By PAUL NEWBERRY
AP Sports Writer
ATLANTA (AP) _ The mayor has already heard from plenty of potential buyers for the Atlanta Hawks.
And the city is ready to kick in a hefty sum to make the deal happen.
Flanked by Hall of Famer Dominique Wilkins and other city leaders, Mayor Kasim Reed said Tuesday he expects the sale of the team to move briskly after racially charged comments by owner Bruce Levenson and general manager Danny Ferry.
“I have had conversations with no less than six prospective buyers,” Reed said during a City Hall news conference. “All six of those prospective buyers will have to go through a process to be vetted by the NBA. That process is going to occur very quickly.”
The Hawks have been under fire since it was revealed Levenson sent an email two years ago theorizing that many suburban whites would not attend NBA games because of the team’s African-American fans. He agreed to sell his share of the team, but it also emerged that Ferry had disparaged then-free agent Luol Deng on a conference call with team owners this past summer, saying he “has a little African in him.”
Ferry has taken an indefinite leave of absence.
The NBA, meanwhile, is left to deal with another embarrassing case after stripping the Los Angeles Clippers from longtime owner Donald Sterling. He was forced out for telling his girlfriend on a secretly recorded audio not to bring black fans to his games.
Reed said he plans to meet with NBA Commissioner Adam Silver on Sept. 26 in New York to discuss the sale of the Hawks. According to the mayor, the league is already lining up an investment bank to look into the finances of any potential buyer.
“I think we’re going to end up in a superior position, based on everything we know today, than we were before,” Reed said.
He didn’t identify the prospective buyers, but whoever steps in would apparently have majority ownership. Levenson owns 24 percent of the team, and his Washington partner, Ed Peskowitz, has also agreed to sell his share, meaning that 50.1 percent of the team is now available, Reed said.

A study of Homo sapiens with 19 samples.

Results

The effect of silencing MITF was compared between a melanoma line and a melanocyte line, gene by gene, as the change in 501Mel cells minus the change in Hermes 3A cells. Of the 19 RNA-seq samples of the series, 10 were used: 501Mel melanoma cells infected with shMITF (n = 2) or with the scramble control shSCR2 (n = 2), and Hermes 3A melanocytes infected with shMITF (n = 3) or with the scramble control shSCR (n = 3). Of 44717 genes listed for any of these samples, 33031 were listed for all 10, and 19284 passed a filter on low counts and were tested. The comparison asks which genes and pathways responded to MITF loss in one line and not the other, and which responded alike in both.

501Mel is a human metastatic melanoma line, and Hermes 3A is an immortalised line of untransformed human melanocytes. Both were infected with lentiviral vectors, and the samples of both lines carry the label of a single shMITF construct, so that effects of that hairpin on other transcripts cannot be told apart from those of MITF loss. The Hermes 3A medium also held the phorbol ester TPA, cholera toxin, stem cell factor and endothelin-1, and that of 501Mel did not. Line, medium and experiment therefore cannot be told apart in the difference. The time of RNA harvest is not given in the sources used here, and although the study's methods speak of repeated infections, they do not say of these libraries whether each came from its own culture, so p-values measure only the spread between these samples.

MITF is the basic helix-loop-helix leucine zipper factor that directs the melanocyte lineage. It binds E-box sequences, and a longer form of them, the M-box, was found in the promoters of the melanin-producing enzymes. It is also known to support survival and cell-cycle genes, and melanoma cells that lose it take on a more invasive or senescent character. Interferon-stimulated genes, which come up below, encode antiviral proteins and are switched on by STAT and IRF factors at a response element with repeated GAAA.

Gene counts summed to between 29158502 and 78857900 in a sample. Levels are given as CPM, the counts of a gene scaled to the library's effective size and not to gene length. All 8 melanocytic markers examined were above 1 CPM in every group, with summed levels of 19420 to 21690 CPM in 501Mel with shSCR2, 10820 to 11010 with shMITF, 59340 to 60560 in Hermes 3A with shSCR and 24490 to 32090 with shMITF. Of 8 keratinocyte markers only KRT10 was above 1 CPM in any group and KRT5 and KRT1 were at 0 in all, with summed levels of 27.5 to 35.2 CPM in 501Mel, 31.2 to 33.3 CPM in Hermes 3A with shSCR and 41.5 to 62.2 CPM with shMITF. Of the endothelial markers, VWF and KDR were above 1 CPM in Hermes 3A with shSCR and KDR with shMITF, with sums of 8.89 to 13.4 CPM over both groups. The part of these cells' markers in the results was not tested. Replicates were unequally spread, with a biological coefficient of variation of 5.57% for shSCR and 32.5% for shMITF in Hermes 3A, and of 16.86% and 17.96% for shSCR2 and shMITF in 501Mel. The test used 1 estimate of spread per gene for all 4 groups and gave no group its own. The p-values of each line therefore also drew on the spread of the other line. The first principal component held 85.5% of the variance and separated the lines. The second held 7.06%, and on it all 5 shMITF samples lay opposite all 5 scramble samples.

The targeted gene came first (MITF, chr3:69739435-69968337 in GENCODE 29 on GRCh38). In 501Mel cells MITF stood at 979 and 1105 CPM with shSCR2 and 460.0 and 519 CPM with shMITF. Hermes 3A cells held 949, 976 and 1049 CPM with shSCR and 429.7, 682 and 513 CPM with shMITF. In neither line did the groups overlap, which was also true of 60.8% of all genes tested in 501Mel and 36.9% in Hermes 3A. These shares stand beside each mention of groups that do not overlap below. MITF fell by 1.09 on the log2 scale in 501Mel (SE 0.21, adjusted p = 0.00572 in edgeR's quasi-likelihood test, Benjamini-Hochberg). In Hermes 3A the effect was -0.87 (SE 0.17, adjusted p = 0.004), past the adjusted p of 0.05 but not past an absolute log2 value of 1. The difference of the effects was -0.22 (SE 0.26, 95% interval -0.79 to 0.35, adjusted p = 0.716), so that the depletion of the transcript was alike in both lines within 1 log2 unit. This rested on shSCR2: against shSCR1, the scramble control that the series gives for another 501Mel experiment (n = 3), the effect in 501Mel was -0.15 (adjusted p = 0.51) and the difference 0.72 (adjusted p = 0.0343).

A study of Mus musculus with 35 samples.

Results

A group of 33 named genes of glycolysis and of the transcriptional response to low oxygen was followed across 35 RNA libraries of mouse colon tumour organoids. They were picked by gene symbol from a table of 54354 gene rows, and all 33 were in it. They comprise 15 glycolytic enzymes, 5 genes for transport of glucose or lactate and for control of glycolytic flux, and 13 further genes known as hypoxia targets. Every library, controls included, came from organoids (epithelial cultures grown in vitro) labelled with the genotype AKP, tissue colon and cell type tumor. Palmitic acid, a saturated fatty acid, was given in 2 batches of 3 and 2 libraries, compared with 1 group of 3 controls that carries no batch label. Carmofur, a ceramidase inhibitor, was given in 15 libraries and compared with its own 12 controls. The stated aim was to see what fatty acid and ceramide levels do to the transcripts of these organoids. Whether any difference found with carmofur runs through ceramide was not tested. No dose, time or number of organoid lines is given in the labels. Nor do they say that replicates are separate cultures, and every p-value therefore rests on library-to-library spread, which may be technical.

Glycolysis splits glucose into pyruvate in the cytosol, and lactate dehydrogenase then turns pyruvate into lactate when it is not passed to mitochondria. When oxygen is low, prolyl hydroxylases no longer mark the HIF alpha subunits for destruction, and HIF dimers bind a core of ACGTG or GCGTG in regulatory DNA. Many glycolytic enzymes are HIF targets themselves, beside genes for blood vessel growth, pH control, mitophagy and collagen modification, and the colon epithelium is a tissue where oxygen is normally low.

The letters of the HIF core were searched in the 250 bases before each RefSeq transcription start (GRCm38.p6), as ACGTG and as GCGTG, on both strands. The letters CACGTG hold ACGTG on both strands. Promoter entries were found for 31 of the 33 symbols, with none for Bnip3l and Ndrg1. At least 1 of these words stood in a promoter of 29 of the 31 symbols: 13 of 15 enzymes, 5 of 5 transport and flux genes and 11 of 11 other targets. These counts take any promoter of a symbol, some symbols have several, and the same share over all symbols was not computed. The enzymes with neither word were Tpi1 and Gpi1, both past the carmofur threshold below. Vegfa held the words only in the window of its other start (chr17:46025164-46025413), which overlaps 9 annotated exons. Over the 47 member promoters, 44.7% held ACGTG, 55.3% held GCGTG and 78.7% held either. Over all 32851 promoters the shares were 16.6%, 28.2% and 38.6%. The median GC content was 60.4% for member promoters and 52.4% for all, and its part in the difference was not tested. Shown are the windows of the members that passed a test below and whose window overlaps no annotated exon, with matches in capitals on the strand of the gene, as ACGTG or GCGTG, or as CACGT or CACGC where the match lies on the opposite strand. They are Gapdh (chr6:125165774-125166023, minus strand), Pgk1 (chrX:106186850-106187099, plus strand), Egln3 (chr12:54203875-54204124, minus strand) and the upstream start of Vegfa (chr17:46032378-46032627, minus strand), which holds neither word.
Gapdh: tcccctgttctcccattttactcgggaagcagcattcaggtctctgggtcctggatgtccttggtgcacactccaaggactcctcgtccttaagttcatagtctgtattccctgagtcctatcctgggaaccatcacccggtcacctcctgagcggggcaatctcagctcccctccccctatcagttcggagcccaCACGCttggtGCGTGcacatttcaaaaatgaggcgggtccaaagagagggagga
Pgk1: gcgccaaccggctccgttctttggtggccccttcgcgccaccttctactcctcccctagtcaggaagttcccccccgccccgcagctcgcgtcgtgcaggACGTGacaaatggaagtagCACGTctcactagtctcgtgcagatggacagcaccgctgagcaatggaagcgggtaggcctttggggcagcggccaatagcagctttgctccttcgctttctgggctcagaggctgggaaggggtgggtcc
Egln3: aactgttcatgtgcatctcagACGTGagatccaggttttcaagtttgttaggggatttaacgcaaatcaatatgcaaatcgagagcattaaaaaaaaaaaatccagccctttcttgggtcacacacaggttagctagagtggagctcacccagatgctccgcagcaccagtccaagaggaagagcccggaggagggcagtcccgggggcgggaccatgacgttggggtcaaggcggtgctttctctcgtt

In addition, Reed said the city will likely be willing to offer concessions to any new owner to ensure the Hawks commit to remaining in Atlanta for another 30 years. He said there could be as much as $150 million available after the city sells Turner Field, the current home of the Braves, though the mayor said that process has been held up by the baseball team’s refusal to negotiate terms for its departure.
The Braves are planning to move to a new stadium in suburban Cobb County in 2017.
Team spokeswoman Beth Marshall said the Braves aren’t required to notify the stadium authority of its plans until Dec. 31, 2015, but added, “It is our hope to be able to work with them, the city of Atlanta and Fulton County, on negotiating an exit so they can best prepare for the future of the Turner Field site.”
In the meantime, Reed said the city would be heavily involved in efforts to find new ownership for the Hawks, since it is responsible for the debt on 15-year-old Philips Arena.
Wilkins, a former Hawks star who now serves as a team vice president and television commentator, said he would “absolutely” be interested in taking on a greater role with the franchise. The city already plans to honor him with a statue outside Philips Arena before a March 6 game against LeBron James and the Cleveland Cavaliers.
Reed said city leaders would look favorably on Wilkins’ involvement with any new ownership group, especially if it gives the team more diversity in the front office.
Hawks CEO Steve Koonin has refused calls to fire Ferry, saying he believes the general manager can learn from the experience. Ferry met privately Monday with civil rights leaders, hoping to mend fences within the city, and has said he will undergo sensitivity training during his leave.
But Ferry’s future is still very much in doubt, with the start of training camp only two weeks away.
Wilkins would neither endorse Ferry nor call for him to be ousted, knowing that any decision about the general manager will likely rest with the new owner.
“That’s not a choice I can make,” Wilkins said. “The only thing I can say is whatever pieces are put in place are going to be the right pieces to help our franchise heal from what we’ve been through.”